What is diabetes?
It is estimated that between 1 in 100 and one in 500 dogs in the UK develops diabetes in their lifetime. Diabetes is typically a lifelong illness which requires treatment in order to keep the disease under control. The condition results in extremely high blood sugar which causes symptoms of illness and, if left untreated, eventually death. Middle aged and older unspayed bitches are more likely to develop the condition and some dog breeds are also known to be more susceptible, for example Labradors, Keeshunds, Springer Spaniels, Golden Retrievers and Old English Sheepdogs.
The long-term complications from diabetes in dogs include diabetic cataracts, liver and kidney disease, gum and urinary tract infections.
Early symptoms include pets drinking a lot of water, lethargy, frequent urination and weight loss despite an increased appetite. Without treatment diabetes leads to anorexia, vomiting, dehydration, collapse, coma and ultimately death.
What causes diabetes?
Diabetes is caused by either the dogs pancreas producing insufficient amounts of the hormone insulin, or the pets body cells not responding to insulin normally. Insulin’s role is to lower blood glucose and, without it, blood sugar levels become dangerously high resulting in a range of problems.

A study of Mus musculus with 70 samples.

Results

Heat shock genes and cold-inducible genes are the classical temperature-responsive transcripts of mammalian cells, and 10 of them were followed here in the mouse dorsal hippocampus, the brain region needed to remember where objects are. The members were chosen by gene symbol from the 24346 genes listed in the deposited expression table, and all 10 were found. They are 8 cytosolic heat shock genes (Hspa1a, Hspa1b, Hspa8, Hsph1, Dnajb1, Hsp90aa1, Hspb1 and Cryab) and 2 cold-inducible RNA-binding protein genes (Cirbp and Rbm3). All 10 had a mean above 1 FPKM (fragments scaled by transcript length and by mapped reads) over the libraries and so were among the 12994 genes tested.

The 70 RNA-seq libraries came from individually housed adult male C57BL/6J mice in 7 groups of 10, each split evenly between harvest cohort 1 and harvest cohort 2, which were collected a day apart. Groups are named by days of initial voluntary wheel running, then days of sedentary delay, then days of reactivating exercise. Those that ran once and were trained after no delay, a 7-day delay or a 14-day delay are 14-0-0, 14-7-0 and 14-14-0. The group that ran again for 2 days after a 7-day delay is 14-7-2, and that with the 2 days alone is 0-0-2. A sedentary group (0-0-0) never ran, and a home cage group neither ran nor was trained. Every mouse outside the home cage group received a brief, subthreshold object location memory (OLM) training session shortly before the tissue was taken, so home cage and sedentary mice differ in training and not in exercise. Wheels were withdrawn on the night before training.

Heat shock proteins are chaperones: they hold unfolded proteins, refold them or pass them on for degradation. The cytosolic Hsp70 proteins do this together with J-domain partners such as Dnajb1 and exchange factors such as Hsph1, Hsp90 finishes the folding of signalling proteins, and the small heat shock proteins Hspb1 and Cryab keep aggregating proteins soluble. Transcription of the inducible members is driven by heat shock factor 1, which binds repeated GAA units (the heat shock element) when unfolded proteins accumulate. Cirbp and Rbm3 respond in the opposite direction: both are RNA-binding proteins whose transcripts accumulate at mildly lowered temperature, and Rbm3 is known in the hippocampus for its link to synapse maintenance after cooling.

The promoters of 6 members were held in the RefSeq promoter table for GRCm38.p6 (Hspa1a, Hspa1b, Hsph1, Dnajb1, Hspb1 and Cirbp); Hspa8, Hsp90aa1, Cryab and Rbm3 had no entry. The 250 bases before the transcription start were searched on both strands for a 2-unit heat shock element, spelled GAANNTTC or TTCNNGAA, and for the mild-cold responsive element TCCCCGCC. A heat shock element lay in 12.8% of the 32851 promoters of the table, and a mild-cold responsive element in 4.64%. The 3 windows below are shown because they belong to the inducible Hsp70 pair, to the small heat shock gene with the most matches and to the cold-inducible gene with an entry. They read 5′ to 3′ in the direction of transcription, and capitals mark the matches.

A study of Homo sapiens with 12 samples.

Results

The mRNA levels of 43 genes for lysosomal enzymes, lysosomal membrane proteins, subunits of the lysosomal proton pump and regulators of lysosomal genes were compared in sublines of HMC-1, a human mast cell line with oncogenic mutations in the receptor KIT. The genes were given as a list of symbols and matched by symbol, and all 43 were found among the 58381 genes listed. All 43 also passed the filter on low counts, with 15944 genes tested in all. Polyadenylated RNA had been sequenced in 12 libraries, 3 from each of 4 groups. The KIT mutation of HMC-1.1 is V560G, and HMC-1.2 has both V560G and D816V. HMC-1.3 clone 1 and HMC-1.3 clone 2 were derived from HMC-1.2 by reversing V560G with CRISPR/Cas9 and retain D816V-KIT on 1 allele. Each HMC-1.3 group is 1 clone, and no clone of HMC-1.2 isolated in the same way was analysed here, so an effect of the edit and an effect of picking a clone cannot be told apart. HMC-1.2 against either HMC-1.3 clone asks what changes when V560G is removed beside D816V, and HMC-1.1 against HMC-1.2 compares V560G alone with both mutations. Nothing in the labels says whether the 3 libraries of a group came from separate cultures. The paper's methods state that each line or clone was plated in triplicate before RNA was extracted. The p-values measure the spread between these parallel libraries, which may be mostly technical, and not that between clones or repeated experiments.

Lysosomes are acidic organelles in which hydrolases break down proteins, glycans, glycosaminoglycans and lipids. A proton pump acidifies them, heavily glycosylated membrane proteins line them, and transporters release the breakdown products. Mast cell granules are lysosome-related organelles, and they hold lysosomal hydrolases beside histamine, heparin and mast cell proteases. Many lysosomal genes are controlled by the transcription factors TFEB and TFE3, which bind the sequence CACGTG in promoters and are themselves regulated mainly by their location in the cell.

If your dog is showing any of the symptoms of diabetes, contact your veterinary practice. They will be able to conduct some simple tests to confirm if your pet has the disease and, if so, will be able to give advice on treatment. Although the disease is incurable, long-term administration of once or twice daily insulin injections are generally effective at controlling the signs of disease, restoring a diabetic animals quality of life and minimising the risk of diabetic complications. Unfortunately because of the type of diabetes which dogs generally suffer from, tablets are not an effective option for treatment of diabetes.